A report detailing the One Lake Project is now available for view online.
Less than two months into the project, Siemens has corrected some 5,400 water bills and $547,000 in back usage fees, according to Public Works Director Bob Miller.
Siemens was brought back on in late April to help the city resolve lingering problems with the city’s water/sewer billing system.
Former Precinct Four Cmdr. James McGowan is retiring after 27 years with the Jackson Police Department.
McGowan previously headed up the North Jackson precinct before being promoted to district commander under former Police Chief Lee Vance.
On Monday, McGowan announced he was retiring on a social media post.
Federal funding delays road projects, increases costs
Last February, the city of Jackson received $1.4 million to repave a little more than a mile of East Northside Drive.
Nearly a year and a half later, the city has not bid the project for construction, and cannot do so until after it gets the go-ahead from the state.
The legal battle in the Ridgeland Costco case continues.
And again, the amendments to the city of Ridgeland’s zoning ordinance are being questioned.
Jackson city officials hope to begin advertising for a new zoo management firm in the coming weeks.
“We are starting the RFP process. I hope we’ll have one drafted by the next (city) council meeting,” said Chief Administrative Officer Robert Blaine.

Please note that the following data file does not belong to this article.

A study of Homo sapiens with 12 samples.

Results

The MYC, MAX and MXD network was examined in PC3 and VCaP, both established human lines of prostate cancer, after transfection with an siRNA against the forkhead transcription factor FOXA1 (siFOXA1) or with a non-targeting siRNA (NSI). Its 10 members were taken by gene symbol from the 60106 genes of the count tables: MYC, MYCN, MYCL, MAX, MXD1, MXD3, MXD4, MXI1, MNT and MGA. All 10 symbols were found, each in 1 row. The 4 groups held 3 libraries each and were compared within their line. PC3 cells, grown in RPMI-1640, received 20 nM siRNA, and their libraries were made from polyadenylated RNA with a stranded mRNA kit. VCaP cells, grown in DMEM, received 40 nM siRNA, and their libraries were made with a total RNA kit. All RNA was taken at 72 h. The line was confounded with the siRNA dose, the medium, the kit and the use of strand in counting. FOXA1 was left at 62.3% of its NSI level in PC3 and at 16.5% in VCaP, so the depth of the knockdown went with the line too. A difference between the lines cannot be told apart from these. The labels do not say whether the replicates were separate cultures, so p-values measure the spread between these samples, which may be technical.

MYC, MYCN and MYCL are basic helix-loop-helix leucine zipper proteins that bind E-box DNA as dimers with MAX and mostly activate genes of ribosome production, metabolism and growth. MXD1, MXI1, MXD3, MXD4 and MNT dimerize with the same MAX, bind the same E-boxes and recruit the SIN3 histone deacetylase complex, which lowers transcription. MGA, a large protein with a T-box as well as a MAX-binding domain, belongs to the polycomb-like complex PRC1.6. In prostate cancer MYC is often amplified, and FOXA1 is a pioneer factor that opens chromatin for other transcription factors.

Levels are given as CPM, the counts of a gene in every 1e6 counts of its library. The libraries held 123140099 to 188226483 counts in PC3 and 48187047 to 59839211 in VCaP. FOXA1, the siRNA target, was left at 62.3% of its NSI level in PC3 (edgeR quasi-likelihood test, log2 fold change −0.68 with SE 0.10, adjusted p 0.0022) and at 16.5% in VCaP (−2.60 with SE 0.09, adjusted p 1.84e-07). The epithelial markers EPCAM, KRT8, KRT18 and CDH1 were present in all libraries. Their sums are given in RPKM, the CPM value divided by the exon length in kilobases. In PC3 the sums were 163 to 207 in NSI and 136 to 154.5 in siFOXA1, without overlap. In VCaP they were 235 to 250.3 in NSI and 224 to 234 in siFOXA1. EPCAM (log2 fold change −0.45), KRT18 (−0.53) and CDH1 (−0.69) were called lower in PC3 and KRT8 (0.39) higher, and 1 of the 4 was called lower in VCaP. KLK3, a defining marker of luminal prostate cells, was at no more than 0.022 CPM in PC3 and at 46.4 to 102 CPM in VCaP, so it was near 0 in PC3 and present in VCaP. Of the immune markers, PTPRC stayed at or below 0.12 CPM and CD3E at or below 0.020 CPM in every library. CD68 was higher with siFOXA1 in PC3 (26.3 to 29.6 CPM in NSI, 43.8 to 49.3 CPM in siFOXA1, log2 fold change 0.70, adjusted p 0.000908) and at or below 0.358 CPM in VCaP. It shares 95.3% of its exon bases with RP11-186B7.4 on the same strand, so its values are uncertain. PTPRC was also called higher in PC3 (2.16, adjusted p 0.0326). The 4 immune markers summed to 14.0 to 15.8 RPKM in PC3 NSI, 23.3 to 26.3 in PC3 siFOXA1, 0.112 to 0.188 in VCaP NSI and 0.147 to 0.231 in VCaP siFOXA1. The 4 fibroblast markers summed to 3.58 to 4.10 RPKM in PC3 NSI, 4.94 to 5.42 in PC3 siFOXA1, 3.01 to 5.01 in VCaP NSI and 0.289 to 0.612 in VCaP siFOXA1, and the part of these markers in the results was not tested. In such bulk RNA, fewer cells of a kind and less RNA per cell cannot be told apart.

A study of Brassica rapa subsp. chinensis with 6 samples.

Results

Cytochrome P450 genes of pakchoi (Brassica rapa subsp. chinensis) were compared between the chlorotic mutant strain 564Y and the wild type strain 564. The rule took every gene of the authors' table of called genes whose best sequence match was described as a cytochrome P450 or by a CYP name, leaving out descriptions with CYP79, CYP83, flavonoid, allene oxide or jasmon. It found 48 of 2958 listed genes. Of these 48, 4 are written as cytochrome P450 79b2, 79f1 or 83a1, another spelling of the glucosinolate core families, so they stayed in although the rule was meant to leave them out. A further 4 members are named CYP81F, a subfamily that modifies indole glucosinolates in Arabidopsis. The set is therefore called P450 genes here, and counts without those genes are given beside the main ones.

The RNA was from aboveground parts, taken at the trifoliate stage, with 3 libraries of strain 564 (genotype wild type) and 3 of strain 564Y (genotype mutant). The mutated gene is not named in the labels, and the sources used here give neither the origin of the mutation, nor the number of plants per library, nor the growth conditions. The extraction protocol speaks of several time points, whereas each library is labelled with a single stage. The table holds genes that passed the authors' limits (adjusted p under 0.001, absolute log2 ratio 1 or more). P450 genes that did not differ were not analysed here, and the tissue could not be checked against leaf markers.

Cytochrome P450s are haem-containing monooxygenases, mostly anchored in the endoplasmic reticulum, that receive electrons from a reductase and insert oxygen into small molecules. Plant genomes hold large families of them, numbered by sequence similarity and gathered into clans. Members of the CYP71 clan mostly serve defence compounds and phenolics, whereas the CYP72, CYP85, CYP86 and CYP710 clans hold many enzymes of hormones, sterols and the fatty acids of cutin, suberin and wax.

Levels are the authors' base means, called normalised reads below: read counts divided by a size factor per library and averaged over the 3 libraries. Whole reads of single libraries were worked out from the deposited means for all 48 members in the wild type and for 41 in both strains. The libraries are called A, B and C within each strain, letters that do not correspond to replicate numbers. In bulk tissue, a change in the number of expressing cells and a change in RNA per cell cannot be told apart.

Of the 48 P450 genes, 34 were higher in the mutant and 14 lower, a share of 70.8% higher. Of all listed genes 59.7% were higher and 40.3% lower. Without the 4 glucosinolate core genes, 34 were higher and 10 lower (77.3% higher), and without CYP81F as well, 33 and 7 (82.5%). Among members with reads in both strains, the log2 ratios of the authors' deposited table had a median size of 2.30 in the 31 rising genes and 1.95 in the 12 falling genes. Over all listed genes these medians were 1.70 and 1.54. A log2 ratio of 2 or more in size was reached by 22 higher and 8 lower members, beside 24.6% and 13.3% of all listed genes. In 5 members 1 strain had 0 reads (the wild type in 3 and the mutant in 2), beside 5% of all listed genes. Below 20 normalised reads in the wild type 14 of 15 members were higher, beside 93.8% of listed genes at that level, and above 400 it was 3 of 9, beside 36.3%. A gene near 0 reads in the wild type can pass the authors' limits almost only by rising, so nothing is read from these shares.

Contractors are making progress in addressing Jackson’s water billing crisis but fell well short of the first month’s goal of recovering 4,200 stranded accounts.
As of May 31, Siemens and its subcontractors had recovered nearly 2,700 accounts.
When he’s not working, John Breland can be found traversing the Pearl River, picking up other people’s trash.
The professional cabinet maker goes out on the river about twice a week to collect garbage.
For Breland, cleaning up the Pearl has become a passion, and something that many people say has made the river a better place.
From providing curbside pickup to having only one bin, Madison County’s recycling system has been significantly scaled back.
And while fewer residents are likely recycling as a result, the county cut costs and is saving more than $200,000 a year on waste pickup fees.
A much-anticipated road project planned for the Northside will take an extra year and a half and $100,000 to complete, thanks to new state regulations.
Work includes building a flyover bridge over I-55 north and adding additional box culverts to improve drainage under the Canadian National Railroad.